Written and directed by Choi Yoon-jin
South Korea, 2013
It can be infinitely frustrating when the simplest of things causes irreparable damage to friendships, leaving people who once cherished each other at odds. One such weapon of destruction is a rumour. People’s gullibility and frequent desire to talk about surprising, provocative information with others means that rumours are extremely difficult to contain. Once let out, be it accidentally or intentionally, the repercussions can be incalculable based on the nature of the content and its effect on the targeted individual or group. It can spread like wildfire, therefore making attempts at picking up the pieces all the more difficult, a challenge the ill-equipped protagonist is faced with in the South Korean drama Steel Cold Winter.
Seo Yoon-soo (Kim Shi-hoo) relocates with his family from Seoul to a small town in the country following a harrowingly dark episode that has left the teenage boy a shell of his former self. Now an introvert, the admiration he gets from his new classmates, who think having a friend from the big city is something pretty swanky, falls on deaf ears for the most part. That said, there is one student that catches Yoon-soo’e eyes, that being a lonely girl sitting in the back of the classroom. This same girl, Eun Hae-won (Kim Yoon-hye), skates on the frozen pond at night, hoping to distract her mind from the negative attention she receives given that her father is mentally challenged. Both social outcasts, Yoon-soo and Hae-won form a delicate bond, soon falling in love with one another. Their precious unison is challenged however in the days following the unexpected death of her father. It looks to be murder, which sets the rumour mill running…
Writer-director Choi Yoon-jin serves up a challenging if slightly messy drama with, at its centre, two damaged individuals forced to wrestle the odds on two separate but linked fronts. On the one hand both Yoon-soo and Hae-won find themselves at a considerable distance from society. Their social skills have been severely hampered for reasons beyond their control although the sources of the pain afflicting them are reasonably different. Yoon-soo is simply unwilling to engage with regular teens his age because of his recent depression. Hae-won may have, at one point, wanted to be part of a circle of friends but due to her family’s dubious standing in the community she is considered a pariah, shunned by most and feared by others. Rumours circulate about her possibly being a vampire, a witch, a mind reader and even a sexual slave to her father, only further solidifying her status as a freak even though she actually hasn’t done anything to earn such an unenviable reputation.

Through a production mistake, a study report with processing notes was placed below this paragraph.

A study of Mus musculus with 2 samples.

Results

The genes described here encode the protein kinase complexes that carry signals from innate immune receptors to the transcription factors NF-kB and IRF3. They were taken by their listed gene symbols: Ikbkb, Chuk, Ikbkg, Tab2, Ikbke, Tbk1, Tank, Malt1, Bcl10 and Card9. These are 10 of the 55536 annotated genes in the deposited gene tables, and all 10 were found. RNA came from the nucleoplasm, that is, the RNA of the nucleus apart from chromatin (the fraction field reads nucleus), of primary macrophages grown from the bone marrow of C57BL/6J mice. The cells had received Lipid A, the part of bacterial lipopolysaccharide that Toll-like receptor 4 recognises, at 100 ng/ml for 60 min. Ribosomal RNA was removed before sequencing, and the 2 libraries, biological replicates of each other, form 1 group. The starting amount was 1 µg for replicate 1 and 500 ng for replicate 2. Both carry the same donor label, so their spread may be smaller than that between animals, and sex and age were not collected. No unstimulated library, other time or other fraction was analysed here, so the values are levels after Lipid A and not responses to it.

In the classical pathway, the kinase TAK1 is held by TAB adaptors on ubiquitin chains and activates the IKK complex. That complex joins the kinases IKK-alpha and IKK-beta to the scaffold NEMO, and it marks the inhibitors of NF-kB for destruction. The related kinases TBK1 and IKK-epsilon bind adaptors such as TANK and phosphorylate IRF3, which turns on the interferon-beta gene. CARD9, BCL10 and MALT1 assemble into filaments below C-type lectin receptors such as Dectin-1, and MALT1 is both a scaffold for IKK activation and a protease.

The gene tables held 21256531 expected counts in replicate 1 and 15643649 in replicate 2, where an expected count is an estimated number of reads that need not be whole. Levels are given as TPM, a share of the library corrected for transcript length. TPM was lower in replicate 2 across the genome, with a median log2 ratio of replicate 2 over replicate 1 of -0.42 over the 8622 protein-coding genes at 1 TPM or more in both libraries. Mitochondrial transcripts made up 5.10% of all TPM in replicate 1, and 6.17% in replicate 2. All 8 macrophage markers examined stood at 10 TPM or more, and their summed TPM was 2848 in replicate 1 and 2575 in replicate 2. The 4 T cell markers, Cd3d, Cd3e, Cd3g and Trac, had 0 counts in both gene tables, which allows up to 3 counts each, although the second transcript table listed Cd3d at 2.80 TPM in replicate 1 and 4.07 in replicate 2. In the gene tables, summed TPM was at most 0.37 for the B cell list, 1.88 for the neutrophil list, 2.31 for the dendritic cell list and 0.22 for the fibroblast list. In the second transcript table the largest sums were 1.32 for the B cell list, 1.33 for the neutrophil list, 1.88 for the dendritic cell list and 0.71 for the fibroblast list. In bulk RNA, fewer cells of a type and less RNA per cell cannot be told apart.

On the other hand their newfound love is challenged early whereupon Hae-won’s father is found dead one morning. Yoon-soo, having seen Hae-won enter her father’s room with a knife the night before the corpse is discovered, is himself the instigator of a rumour centering on his girlfriend having killed her own father to free herself from the shackles of the stigma associated with her. While their rift is short lived, the damage has already been done: an intense police investigation compels Yoon-soo forced to adopt extreme measures to shield the one he loves from serving time for a crime she never committed. Without giving too much away, this would be the second time Yoo-soo finds himself in a situation where a rumour leads directly leads to terrible consequences. Damage control in these instances is never a simple matter and irrespective of how active one is in trying to minimize the psychological and emotional abuse resulting from a destructive rumour, the challenges evolved at an alarming rate. Even so, Yoon-soo’s obsession to repel and destroy all problems created by the suspicions (efforts that provide the film some of its genre-centric moments) is a testament to how some people dogmatically try to avoid making the same mistake twice.
Notwithstanding a third act that comes across as laborious for how it strives to resolve the plot, Steel Cold Winter is fittingly titled character study, guided by reserved but highly efficient direction that helps set the film’s deliberate pace. In many ways the film is cold, both in tone and for its wintry setting. Even the few wisecracks tossed by certain peripheral characters about the strangeness of the happenings do little to attenuate the overall serious mood Choi’s picture steeps itself in. Both Hae-won and Yoon-soo are cold people, not because they are heartless but rather because the circumstances of their social standings have left them cold towards the world at large. Even their interactions together are slow and rife with hesitation. There is a yearning to be emotionally touched but recent history convinces them to keep on guard in the event that their efforts backfire.
The performances of the two leads are excellent. Kim Yoon-hye and Kim Shi-hoo are giving minimal dialogue to work with. Their looks and expressions, the latter are also limited in range, are what do most of the communicating. Spoken words are more hushed than said aloud. Such reserved characters could have easily led to two lifeless performances, but thankfully both leads are more than up to the task of making their roles extraordinarily compelling for their intimacy. Just as most people around them know very little about Yoon-soo and Hae-won, the audience is privy to their inner workings and gets to relish in their blossoming if complicated romance.
Director Choi takes a roundabout way to finally conclude the picture, unfortunately making the last 20 minutes or so a bit clunky. While by no means perfect, Steel Cold Winter is a refreshing, frank look at isolation, the consequences of silly rumours and one’s adamant desire to squash said consequences. It really is a potent little film, and that’s no rumour.